China choking off semiconductor supply with draconian lockdown that makes no sense based on their own data
A drastic lockdown is shutting down semiconductor production in the Chinese city of Xian, where China acknowledges a mere total of 1,000 cases (not hospitalizations or deaths) during the current outbreak in a city with a population of 13 million. By comparison, New York City, with a population of 8 million, had 40,856 cases on December 30 and a 7-day average of 28,808 cases per day.
Xi'an rolled out city-wide testing and placed its 13 million residents under a strict lockdown last week, closing schools, public venues and transportation except essential services like supermarkets and hospitals. Residents were banned from leaving their homes except for urgent reasons such as medical emergencies. (snip)
"Can anyone save me?" a user asked. "I'm about to starve at home. There was no one taking my orders online ... Please help me. It's OK if it's expensive, I just want to have some groceries. I'm desperate."
Hazmat-suited patrols are on the deserted streets and are delivering emergency food supplies:
State broadcaster CCTV aired a story today showing building staff assembling free grocery deliveries for the residents of an apartment complex in Xi'an.
The deliveries included a box of 15 eggs, a 2.5kg bag of rice and some green vegetables.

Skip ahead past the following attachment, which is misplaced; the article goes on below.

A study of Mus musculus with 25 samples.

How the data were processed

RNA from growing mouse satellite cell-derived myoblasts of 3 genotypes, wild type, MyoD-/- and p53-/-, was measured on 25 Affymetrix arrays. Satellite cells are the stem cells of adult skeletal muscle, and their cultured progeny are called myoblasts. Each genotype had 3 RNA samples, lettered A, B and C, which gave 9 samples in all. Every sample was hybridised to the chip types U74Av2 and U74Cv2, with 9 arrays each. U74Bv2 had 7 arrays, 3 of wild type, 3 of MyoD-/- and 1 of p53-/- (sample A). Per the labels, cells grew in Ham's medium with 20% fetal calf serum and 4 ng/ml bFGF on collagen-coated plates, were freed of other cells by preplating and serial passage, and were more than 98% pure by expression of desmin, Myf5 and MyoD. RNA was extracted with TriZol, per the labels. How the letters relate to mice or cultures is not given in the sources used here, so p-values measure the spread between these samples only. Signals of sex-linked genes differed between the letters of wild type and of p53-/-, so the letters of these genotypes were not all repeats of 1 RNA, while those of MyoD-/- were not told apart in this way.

Residents could also expect either some chicken or pork, it said.
YouTube screen grab.
YouTube screen grab.
CNN Business reports on the shutdown of semiconductor production in Xian and its global supply chain implications.
Two of the world's biggest chipmakers are warning that Covid-19 outbreaks and stringent lockdowns in a major Chinese industrial hub are hampering their operations.
Samsung and Micron said this week that they've had to adjust operations in the northwestern city of Xi'an, which is experiencing one of China's worst community outbreaks of the coronavirus pandemic. Authorities have responded by enacting sweeping measures with an intensity and on a scale rarely seen since Wuhan, the pandemic's original epicenter.
Any slowdown in output from the city risks worsening the global chip shortage, an ongoing crisis that has limited the supply of everything from iPhones to new cars.
Samsung said Wednesday that it had to "temporarily adjust operations" in Xi'an. The South Korean giant added that protecting its workers in the city remains its "top priority," and that it plans to take "all necessary measures, including leveraging our global manufacturing network, to ensure that our customers are not affected."
My guess is that the outbreak is far worse than China is reporting and that the cases are far worse than the mild cold-like symptoms reported by most omicron sufferers. I doubt that the drastic and expensive lockdown is mere theatre. China, home to the Wuhan virus, knows more about it than we do in all likelihood. With the semiconductor lockdown, they are only encouraging the re-shoring of semiconductor production in countries like the United States, South Korea, and Japan.
But we can't rule out sabotage of offshore production of finished products like automobiles, where lack of chips can shut down an entire factory.
Is a worse variant than delta rampaging in Xian? We can't rule that out, either.
And we know that we can't trust the Chinese media to tell us the truth if it would reflect badly on the Chinese Communist Party.